Framing the artist in this way, while very romantic, is actually wrong. Rembrant was a stone cold businessman, and this painting is a testimony to that.

The main way that Rembrant made his money was through his commissioned paintings; the problem being that for some of those commissions he just duplicated his previous work. This isn't Rembrant’s original Decent from the Cross. His first one was done in 1633 for a man by the name of Prince Frederik Hendrik. This one is nearly an exact replica of the first, made only a year later. So Rembrant was literally pumping these out with all the capitalistic shamelessness of an industrial era factory owner.

Ironically, “industrial era factory owner,” is actually kinda what Rembrant became, as not only was he mass producing his work, but also he was using child labor. Okay, maybe they weren’t exactly children, some were fully trained artists like Carel Fabritius, however Rembrant did have a butt-load of pupils whom he exploited ruthlessly. Records indicate that he had around forty to fifty of them at a time and the kicker is that, while they did work for him, he didn’t pay them...they paid him! Furthermore, they weren’t even allowed to put their name on the work they did for him. 

Now to be fair, Decent from the Cross is still a gorgeous piece, and Rembrant’s use of lighting is just amazing enough that he can get away with creating these works on an industrial scale. Moreover this work in the baroque style would qualify as a piece of “Counter-Reformation art,” something that the church was paying justifiably well for at the time. However, if anyone ever tries to tell you that these works came from some deep spiritual place within the artist, just remember that Rembrant basically charged student loans.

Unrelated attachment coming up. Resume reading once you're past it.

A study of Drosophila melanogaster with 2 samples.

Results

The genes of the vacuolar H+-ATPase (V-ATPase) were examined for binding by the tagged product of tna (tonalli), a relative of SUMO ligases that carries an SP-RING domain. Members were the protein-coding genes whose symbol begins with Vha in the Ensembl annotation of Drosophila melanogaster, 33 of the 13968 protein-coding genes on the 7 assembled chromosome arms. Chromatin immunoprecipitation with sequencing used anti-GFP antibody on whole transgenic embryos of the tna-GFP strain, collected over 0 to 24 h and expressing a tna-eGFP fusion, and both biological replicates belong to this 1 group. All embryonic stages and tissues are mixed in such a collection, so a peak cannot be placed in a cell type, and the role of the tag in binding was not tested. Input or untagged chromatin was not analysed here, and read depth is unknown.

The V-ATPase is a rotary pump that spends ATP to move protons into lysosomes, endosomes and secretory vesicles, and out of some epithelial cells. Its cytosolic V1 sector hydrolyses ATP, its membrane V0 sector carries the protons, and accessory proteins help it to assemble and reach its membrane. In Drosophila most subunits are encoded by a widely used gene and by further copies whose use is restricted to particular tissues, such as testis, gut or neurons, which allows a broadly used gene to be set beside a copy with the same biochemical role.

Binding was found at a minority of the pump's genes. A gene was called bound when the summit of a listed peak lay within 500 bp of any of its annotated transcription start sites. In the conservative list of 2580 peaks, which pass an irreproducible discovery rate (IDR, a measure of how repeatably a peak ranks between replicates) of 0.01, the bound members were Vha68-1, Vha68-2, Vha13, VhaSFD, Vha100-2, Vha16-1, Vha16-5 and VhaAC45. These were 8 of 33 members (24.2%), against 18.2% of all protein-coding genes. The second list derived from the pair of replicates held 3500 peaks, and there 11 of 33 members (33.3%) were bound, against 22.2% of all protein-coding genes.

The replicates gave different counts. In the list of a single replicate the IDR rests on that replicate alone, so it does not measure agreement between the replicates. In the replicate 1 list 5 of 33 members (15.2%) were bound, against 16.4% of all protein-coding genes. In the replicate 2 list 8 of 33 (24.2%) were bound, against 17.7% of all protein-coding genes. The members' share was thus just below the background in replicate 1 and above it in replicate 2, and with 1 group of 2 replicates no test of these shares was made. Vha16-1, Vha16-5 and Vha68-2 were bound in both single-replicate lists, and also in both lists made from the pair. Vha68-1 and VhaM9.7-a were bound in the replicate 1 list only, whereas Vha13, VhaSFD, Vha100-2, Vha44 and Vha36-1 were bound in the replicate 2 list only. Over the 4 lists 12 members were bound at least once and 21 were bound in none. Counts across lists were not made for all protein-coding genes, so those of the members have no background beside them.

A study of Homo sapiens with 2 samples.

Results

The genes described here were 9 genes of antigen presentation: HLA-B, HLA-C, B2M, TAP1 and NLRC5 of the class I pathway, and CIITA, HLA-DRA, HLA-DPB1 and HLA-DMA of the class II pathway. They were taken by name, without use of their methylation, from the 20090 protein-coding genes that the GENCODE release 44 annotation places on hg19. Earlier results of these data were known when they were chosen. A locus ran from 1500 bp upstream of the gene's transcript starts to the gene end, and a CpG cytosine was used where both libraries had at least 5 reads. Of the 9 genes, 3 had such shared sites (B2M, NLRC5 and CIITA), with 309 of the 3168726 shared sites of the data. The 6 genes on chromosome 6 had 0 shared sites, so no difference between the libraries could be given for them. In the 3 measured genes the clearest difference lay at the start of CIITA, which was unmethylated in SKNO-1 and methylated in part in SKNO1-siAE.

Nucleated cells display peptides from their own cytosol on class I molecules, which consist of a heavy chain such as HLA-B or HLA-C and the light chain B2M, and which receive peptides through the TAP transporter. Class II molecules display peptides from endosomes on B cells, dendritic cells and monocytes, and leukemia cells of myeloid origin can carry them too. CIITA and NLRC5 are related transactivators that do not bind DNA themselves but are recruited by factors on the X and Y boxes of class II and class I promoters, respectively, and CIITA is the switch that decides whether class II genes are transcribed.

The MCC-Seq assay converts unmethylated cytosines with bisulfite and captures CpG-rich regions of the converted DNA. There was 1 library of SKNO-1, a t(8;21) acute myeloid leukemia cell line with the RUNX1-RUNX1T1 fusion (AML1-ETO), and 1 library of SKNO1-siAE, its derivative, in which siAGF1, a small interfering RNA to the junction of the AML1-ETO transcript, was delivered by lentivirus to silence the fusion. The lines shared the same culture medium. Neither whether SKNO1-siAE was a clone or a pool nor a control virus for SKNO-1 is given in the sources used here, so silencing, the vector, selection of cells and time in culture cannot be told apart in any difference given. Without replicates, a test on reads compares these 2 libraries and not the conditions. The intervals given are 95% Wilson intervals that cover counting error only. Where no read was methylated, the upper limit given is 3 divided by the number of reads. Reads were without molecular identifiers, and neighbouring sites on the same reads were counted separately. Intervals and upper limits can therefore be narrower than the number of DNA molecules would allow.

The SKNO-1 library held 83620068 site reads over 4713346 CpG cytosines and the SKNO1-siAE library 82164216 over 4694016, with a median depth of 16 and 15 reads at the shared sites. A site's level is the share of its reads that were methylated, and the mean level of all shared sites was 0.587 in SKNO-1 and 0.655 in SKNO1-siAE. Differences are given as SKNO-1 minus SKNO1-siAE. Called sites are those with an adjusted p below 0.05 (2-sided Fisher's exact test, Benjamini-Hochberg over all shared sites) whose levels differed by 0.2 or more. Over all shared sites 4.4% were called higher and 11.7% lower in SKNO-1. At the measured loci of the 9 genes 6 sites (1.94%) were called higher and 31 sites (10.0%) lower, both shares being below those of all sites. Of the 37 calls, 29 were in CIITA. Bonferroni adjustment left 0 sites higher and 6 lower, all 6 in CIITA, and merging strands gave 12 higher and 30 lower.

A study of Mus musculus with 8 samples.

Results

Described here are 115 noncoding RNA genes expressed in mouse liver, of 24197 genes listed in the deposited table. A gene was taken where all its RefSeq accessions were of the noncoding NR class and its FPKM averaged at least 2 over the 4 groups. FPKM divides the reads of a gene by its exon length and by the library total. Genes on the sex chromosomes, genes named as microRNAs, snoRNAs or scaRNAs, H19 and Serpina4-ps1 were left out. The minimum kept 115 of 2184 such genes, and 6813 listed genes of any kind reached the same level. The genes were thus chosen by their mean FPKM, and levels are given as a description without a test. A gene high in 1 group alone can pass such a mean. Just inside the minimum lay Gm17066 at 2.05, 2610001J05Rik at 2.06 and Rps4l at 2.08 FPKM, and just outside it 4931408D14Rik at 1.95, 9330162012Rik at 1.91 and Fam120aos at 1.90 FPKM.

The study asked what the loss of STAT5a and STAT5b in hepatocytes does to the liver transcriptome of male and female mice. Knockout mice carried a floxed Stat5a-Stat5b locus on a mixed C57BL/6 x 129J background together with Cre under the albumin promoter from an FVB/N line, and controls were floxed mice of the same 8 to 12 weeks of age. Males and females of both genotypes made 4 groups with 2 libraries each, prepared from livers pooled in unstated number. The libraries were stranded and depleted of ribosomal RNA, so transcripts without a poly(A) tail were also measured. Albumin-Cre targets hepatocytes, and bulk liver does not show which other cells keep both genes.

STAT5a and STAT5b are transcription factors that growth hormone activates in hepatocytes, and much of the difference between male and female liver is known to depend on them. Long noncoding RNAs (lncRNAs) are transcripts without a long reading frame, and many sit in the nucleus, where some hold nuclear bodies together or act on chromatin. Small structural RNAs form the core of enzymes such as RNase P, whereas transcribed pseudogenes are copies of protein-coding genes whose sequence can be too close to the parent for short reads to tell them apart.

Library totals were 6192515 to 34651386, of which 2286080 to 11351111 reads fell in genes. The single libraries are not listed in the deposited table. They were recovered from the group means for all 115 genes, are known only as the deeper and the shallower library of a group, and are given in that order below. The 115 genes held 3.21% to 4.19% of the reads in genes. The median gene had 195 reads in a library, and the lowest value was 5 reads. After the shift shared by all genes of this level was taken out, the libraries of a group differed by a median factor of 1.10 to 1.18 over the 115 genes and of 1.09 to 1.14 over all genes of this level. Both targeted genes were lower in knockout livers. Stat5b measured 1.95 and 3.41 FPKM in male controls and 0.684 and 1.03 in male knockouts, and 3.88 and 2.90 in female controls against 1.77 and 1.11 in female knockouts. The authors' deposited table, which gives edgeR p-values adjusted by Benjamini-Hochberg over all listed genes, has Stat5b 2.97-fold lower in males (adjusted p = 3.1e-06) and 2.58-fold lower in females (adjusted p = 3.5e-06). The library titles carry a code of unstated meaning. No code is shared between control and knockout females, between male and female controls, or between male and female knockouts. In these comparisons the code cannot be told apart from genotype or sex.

Sources

Sources

  1. Wheelock Jr, Arthur K. “Decent from the Cross” National Gallery of Art: Online Editions 04/24/14 https://www.nga.gov/content/dam/ngaweb/collection/artobject/1200/version...
  2. Wheelock Jr., Arthur K. “The Descent from the Cross: Overview” National Gallery of Art: Online Editions viewed on 10/05/2019 https://www.nga.gov/collection/art-object-page.1200.html
  3. Web Contributor “Catholic Counter-Reformation Art” Encyclopedia of Art History viewed on 10/05/2019 http://www.visual-arts-cork.com/history-of-art/catholic.htm
  4. Web Contributor “Rembrandt the Entrepreneur” Museum Het Rembrandthuis viewed on 10/05/2019 https://www.rembrandthuis.nl/meet-rembrandt/rembrandt-the-entrepreneur/?...


Descent from the Cross (1634), by Rembrandt Harmenszoon van Rijn, is one of his many religious scenes. The piece is oil on canvas and now located in the Hermitage Museum in St. Petersburg. The piece is intriguing stylistically in its unique figural composition and variety of lighting effects. Aside from composition, the painting is notable in terms of its historical context, from the connection between its subject matter and Rembrandt's family situation to its endangered location during World War II.

Check out the full Wikipedia article about The Descent from the Cross (Rembrandt, 1634).